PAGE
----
Wednesday, May 5, 2010

Quilting: Quilting Bee Journal

I joined another bee! This one is a different kind of bee though. It is called 'A Quilting Journey Round Robin Bee' - how it works: I make a starter block send it along with a journal to my assigned person on the mailing list and so on and so on... until this block travels around the world crossing the paths of 20 other people who will in turn make a block for me and share with me about themselves in the journal and eventually it makes its way back home to me! While my block is living it up traveling around the world on someone else's dime... I will be right here in Chicago working on blocks for everyone who is making me blocks! Each person gets to pick their own theme, I am having everyone make a block that represents where they are from in any style or colors they chose with just one stipulation the block be 12.5x12.5. My block will represent Chicago. I still have to make my block, but I have created my journal!

Several people in the bee group seemed interested in how I made my journal, so I created a tutorial. Sorry if any steps are unclear, feel free to ask questions and feel free to copy! Here it is:

You will need: cardstock, a glue stick, spray adhesive, scissors or rotary cutter, ruler, hole punch and sewing machine.

I started by folding my sheets of paper in half. Now this would have been the ideal project to use my Martha Stewart bone folder I recently acquired, but of course I couldn't find it! So a Sharpie works pretty much the same if you need some help making a nice crisp fold.

I decided I was going to leave a 2-page spread for everyone to write on and with 21 people in the group (including myself) I needed 20 interior pages, plus a front cover and back cover (22 sheets of paper total, it will make sense in a minute why I used so many sheets). I am utilizing the reverse side of each page including the front cover and the reverse side of the back cover as space for people to write, if you do not wish to set your journal up this way you can use how every many pages your want.

I then measured one inch from the crease and cut each sheet. Yes, it does leave me with some wasted paper, but if you are like me you will find a use for it in a project further down the road. Maybe a smaller journal for something else. You can chose not to waste any paper and make your journal skinnier.

The inch next to the crease in the paper is going to be where the holes are punched. I wanted to make that area stronger so I folded the paper over and used a glue stick to hold it down.

The next step is to punch holes, I decided to punch three sets of two holes each along the edge of my book. I only had a single hole punch, so I had to measure out where the holes would be and I used that sheet as a template to punch the remainder of the pages. My pages are by no means punched exact and don't line up perfectly. But they are approximate enough that once you tie the ribbon through they all line and you can't tell the holes aren't perfect, so don't sweat it too much. If you have a three hole punch then this step should be no problem.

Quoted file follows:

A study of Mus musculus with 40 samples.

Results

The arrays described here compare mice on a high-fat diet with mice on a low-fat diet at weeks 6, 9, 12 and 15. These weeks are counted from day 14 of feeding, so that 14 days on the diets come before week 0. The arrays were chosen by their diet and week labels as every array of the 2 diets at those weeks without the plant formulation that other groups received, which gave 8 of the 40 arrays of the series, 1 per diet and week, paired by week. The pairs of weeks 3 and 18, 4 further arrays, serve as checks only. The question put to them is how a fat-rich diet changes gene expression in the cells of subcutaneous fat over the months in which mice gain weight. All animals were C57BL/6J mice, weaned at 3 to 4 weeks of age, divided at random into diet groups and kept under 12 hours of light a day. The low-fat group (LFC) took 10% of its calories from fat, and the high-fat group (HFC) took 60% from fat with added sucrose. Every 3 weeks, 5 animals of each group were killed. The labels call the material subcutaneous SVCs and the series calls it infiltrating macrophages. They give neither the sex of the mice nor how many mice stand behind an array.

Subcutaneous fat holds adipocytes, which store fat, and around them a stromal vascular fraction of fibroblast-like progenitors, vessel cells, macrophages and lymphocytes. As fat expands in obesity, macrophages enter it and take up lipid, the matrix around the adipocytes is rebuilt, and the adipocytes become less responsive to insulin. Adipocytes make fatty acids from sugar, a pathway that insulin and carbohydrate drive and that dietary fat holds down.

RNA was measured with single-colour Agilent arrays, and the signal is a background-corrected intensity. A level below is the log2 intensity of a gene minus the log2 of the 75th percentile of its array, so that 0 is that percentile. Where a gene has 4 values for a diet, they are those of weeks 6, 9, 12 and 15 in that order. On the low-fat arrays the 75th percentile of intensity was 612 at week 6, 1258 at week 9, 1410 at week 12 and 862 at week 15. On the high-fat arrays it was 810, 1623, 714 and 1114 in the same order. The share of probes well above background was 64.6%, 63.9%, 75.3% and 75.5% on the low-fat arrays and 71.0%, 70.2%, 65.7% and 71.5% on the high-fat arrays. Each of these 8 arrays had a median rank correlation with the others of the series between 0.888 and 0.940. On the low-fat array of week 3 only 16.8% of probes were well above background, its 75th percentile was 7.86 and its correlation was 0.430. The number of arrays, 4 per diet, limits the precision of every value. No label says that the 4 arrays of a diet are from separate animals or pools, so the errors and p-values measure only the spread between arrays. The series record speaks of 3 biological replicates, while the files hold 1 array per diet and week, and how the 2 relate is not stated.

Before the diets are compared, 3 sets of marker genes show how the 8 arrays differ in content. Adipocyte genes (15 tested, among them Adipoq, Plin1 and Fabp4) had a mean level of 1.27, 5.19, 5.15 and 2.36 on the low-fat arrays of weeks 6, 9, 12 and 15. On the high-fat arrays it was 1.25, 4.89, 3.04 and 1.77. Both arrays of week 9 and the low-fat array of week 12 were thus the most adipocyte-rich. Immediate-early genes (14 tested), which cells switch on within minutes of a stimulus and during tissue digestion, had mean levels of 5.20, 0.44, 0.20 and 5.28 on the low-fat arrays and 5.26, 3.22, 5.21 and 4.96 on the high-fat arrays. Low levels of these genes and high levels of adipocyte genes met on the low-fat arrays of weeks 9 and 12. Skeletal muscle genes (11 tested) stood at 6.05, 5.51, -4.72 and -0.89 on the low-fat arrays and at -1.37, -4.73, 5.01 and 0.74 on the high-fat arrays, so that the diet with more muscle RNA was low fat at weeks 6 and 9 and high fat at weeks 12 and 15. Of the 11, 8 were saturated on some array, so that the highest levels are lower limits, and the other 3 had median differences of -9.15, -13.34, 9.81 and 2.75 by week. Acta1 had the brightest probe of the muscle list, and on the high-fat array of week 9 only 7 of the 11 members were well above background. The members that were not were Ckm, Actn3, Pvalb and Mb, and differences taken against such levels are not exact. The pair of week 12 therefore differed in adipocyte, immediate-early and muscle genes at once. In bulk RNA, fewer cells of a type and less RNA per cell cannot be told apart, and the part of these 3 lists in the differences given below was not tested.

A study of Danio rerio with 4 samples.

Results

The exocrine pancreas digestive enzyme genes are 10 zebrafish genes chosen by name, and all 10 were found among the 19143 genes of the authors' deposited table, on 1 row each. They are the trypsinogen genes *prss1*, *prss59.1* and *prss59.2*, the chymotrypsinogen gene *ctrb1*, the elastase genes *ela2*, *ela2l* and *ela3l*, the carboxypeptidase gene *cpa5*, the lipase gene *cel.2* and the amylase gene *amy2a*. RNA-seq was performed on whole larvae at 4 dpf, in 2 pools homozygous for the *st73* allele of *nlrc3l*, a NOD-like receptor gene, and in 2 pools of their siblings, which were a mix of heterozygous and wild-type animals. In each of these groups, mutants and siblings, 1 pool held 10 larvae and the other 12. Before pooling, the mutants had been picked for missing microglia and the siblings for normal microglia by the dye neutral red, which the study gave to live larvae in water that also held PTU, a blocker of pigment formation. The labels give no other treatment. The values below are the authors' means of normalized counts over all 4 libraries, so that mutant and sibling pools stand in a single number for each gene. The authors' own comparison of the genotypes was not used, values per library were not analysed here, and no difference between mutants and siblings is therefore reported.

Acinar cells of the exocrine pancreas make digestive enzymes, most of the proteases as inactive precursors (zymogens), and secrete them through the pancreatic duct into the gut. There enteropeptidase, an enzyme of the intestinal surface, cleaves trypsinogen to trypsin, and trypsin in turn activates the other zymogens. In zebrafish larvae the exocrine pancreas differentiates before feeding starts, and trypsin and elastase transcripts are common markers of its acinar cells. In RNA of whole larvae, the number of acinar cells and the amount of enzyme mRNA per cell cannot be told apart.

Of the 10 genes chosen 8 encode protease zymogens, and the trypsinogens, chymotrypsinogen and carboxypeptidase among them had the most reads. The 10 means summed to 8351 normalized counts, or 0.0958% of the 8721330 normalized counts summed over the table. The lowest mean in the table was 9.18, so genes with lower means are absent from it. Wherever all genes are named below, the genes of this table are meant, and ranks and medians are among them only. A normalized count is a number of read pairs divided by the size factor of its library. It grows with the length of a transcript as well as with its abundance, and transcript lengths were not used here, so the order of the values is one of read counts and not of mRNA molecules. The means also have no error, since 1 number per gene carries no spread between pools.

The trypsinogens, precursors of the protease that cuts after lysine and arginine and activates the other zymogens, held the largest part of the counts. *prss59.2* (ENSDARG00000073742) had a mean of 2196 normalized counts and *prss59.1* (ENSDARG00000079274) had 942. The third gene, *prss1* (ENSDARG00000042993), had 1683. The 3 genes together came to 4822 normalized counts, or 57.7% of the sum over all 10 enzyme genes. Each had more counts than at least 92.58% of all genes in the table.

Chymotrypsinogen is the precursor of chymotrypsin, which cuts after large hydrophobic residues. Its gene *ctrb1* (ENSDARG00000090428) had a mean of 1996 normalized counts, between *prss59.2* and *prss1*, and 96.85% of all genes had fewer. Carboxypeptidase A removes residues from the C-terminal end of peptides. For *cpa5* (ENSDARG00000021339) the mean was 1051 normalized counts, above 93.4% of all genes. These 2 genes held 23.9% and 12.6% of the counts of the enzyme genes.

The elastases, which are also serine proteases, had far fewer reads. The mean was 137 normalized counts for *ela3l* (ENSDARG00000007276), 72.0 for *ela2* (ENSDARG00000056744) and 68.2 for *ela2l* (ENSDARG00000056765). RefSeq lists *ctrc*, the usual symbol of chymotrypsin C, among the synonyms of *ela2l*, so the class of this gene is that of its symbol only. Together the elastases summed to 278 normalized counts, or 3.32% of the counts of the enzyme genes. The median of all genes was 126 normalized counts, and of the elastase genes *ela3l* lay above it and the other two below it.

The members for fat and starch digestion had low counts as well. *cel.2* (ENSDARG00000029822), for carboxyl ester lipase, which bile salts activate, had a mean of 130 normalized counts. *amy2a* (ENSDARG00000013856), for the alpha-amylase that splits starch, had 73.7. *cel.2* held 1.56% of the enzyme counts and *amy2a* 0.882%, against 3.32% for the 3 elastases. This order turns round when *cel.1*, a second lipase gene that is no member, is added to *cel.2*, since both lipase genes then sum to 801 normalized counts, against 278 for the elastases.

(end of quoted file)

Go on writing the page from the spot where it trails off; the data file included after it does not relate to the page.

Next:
I decided I wanted to make the book a bit more durable since it will be traveling all over. I used my machine to zig-zag sew a grouping of two pages together, so I was left with ten groups of two.

I then made the front and back covers, you can use your inside pages to determine the size. I cut two for the front and two for the back and glued them together to make the cover stronger. I did not use the fold over method for the front and back since I was gluing two pages together, it (a) wasn't necessary and (b) would have been really hard to fold over!

Next comes the fun part!!! You get to make you own journal block! It should be about 6x9 that includes the "seam allowance". I guess I didn't take a picture of my journal top by itself, but you can see it on the finished product below. The first two pictures above show you how I used the space that would normally be for the seam allowance and folded it over the edge and sewed it down to the back of the front cover page. Sew the edge that runs parallel to the holes last! And be sure as you sew toward the side with your holes that you don't sew all the way to the edge. You need to allow room to fold your rough edge under (like a hem) and sew it down as shown in the second picture. Also, I couldn't resist putting a little something on the back, so I sewed a heart with my initial to the back page. You can do something similar or you can make a block for the back as well!

Once you have your front and back pages decorated you will need to cut another page to be glued into the inside facing part of both pages to cover your edges and stitches. I used spray adhesive for the page that needed to be glued to the fabric and a glue stick for the pages that was only covering a few stitches.

Almost done! Line your pages up and weave some ribbon through, yarn will work too! When I finished weaving the ribbon through I had the two tails toward the back and I tied them off at both the top and bottom sets of holes then I continued bringing the ribbon up toward the middle set of holes and tied them together in a bow. If that isn't clear honestly you can make something up and if it feels sturdy at the end it will work just as well!

And the finished product! I hope it lasts on it's journey. It feels really sturdy and it lightweight so it shouldn't be too bad on mailing. I plan to have it travel in a ziplock in case it should encounter any inclimate weather. The front two pages are where I included a little info about me, a few pictures and explained to everyone what I would like included in their journal pages and their block. Now I better get started on my block!!